Album hashtag: #betterthanbeyonce
If the quote “weirdness is individuality” is true, then St. Vincent rises above all other music releases this year. There’s not quite any good way to tell the world that there’s an artist better than Beyonce’ in 2014 music, but St. Vincent’s self-titled fourth album makes the international superstar pale in comparison. ‘St. Vincent’ is a beautiful record filled with the most poised vocals you will ever hear in life. Exclusively produced by the legendary John Congleton (Erykah Badu, The Roots, Nelly Furtado), ‘St. Vincent’ wowed critics internationally and was one of the only albums this year to earn universal critical acclaim. Fourth album or not, ‘St. Vincent’ gives listeners the true chance to be introduced to the greatness that is Annie Clark.
The album’s first single “Birth In Reverse” was released well over a year ago, but just recently received an oddly colorful video treatment. Despite its strange theme, the uptempo does beautiful things for St. Vincent’s rich upper register. Second single “Digital Witness” served as the first official visual introduction to the ‘St. Vincent’ project and found the singer discussing the overdependence of technology in the world today. Standout “Prince Johnny” was given the official single treatment due to fan demand. The ballad poetically discusses what St. Vincent refers to as a mixture of compassion and hopelessness that you feel for a friend who’s being very self-destructive. The poise displayed throughout St. Vincent’s vocal on “Johnny” is – without question – one of the best vocal moments of all-time.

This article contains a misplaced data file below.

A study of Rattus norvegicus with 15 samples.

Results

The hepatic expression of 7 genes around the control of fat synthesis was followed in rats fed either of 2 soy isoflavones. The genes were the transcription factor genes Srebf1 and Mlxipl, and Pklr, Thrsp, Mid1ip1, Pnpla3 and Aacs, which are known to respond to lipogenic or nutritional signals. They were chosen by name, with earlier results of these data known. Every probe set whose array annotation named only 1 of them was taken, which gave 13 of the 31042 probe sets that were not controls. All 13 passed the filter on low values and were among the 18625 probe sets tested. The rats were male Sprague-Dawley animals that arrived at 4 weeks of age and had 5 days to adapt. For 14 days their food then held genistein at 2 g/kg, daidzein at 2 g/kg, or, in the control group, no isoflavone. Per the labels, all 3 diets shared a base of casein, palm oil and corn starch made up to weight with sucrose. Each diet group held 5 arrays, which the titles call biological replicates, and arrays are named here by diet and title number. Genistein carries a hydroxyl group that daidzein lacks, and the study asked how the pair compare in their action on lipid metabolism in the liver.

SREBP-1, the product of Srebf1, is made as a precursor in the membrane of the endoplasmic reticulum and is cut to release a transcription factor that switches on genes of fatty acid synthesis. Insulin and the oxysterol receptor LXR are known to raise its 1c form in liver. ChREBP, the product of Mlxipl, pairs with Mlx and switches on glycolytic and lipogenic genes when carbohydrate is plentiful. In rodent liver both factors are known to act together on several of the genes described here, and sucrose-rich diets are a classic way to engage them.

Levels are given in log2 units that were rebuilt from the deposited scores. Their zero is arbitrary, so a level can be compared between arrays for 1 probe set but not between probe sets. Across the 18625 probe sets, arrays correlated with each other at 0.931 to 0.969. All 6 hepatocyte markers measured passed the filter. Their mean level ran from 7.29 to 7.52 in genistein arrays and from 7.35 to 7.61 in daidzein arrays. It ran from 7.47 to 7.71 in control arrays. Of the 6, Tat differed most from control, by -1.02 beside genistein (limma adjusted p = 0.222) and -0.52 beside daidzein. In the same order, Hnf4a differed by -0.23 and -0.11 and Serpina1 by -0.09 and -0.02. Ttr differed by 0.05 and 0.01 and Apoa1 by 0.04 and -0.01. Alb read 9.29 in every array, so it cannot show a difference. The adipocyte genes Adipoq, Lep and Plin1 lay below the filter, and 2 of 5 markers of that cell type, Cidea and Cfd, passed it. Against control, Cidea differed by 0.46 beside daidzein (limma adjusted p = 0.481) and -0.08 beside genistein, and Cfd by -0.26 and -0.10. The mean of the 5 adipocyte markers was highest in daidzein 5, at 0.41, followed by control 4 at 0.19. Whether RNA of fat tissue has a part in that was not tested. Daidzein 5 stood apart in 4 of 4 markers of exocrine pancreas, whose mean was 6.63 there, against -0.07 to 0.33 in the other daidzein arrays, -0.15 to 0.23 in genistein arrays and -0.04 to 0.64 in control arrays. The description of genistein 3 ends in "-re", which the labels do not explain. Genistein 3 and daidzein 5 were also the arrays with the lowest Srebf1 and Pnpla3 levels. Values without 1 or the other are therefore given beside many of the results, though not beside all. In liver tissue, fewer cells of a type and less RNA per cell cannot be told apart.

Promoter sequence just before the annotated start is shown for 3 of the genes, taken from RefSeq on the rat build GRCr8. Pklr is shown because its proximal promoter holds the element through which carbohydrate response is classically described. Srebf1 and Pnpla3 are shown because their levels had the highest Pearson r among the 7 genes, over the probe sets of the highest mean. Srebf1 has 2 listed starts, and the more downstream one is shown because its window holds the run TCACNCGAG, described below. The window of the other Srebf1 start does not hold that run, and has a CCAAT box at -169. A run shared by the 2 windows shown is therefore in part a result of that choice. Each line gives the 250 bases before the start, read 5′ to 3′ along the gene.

“Regret” and “Severed Crossed Fingers” make up the single best storytelling-through-songwriting in 2014. “Regret” paints a beautiful portrait of a lover gone astray and “biting the words” she meant to tell him. “Severed Crossed Fingers” talks about feeling down and wishing things would get better (hence the “crossed fingers”) The “severed” element of the song seeks to portray the struggles that St. Vincent has gone through while still hoping for better days. Both songs aren’t exactly a “one-play” though, as seemingly more and more of the song’s true meaning gets unlocked with each listen.
The realistic nature of St. Vincent’s lyrics paired with the surrealist arrangements is what makes ‘St. Vincent’ stand out amongst the Sam Smiths and the Beyonces. While other artists seek to please their fanbases or aim for radio spins, St. Vincent focused on the two things that should always matter the most – vocals and songwriting. For an independent album like ‘St. Vincent’ to receive universal acclaim for its greatness says a lot in itself. On album standout “I Prefer Your Love”, St. Vincent tells an emotional story about her mother’s absence in a way that’s never been done before. As she sings “I prefer your love to Jesus” on the song’s chorus, it proves just how ahead St. Vincent’s album is in comparison to all other releases.